The Ravello meeting took place in September 1963 and was critical in the development of what was to become EMBO. Meetings had taken place on 28 March and 28 June in Geneva, hosted by Victor Weisskopf who invited the great and the good from several European countries, working from a list drawn up by John Kendrew.

 

All participants agreed on the problems that were inhibiting the development of molecular biology in Europe: that young, ambitious scientists left for the United States to further their careers; that disciplines such as zoology and botany were rigidly separated in University departments; that there was no European integration of research; and that it was harder, for entirely bureaucratic reasons, for a European biologist to make a career move from one European country to another than for the same person to go to the United States.

 

In a paper prepared by Conrad Hal Waddington, it was suggested that the purpose of the organization would be ‘to build up the resources (equipment, jobs) of a number of selected labs in the various nations of Europe, and to make communication between them really easy.’ (1)  He also proposed the election of 100–150 Fellows, who would be funded to make short visits to one another, as well as postdoctoral posts and courses.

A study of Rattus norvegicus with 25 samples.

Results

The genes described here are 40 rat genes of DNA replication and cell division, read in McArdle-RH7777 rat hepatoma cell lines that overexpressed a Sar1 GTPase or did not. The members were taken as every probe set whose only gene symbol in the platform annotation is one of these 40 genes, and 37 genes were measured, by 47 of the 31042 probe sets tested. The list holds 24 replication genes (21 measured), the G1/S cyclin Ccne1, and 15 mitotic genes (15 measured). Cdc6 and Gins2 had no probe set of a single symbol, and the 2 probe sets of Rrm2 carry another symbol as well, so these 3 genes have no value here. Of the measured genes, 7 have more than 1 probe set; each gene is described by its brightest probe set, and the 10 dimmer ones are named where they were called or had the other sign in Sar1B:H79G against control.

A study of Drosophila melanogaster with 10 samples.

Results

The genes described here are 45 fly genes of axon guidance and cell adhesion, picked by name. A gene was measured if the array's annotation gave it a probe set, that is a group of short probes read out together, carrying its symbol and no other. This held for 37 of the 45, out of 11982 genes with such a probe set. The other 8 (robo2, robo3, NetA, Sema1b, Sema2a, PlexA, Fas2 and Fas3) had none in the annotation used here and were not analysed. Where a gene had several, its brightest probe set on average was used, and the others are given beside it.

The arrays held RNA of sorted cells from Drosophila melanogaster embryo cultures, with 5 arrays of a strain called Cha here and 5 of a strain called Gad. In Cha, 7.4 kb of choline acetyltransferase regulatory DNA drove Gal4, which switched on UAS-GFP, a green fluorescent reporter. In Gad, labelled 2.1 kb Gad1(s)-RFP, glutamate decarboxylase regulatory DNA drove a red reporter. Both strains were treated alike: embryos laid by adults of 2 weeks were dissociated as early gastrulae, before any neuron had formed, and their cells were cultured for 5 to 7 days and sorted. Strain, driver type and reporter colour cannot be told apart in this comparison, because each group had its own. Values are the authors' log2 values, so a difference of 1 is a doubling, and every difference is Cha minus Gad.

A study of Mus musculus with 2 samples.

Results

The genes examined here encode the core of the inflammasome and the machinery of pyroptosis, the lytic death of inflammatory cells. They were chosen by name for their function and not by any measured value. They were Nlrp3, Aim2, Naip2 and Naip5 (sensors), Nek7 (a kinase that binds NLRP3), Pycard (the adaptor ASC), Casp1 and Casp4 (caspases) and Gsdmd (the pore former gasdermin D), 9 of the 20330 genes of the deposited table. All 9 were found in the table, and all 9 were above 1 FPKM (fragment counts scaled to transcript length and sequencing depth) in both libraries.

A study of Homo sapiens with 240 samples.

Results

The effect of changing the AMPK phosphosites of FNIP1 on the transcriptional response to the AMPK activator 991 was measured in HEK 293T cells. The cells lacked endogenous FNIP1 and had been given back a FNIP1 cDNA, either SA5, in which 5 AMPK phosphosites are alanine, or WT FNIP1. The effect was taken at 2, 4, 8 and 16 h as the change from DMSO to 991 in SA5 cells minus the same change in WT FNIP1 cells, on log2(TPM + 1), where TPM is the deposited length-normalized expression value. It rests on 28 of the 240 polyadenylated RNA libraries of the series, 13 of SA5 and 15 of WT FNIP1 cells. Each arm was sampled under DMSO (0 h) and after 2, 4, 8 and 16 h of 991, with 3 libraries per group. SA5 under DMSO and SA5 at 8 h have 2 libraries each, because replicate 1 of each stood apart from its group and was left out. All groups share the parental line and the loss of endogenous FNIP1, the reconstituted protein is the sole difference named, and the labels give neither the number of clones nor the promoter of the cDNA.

Few personal recollections are still available of the Ravello meeting itself. Held on 16 and 17 September, it was added on to the end of a ten-day international summer school on molecular biology.

 

(1)  Waddington C.R., unpublished paper, Bodleian Library MS. Eng. c. 2418, NCUACS F.3.

 

Georgina Ferry Source: EMBO in perspective: A half century in the life sciences.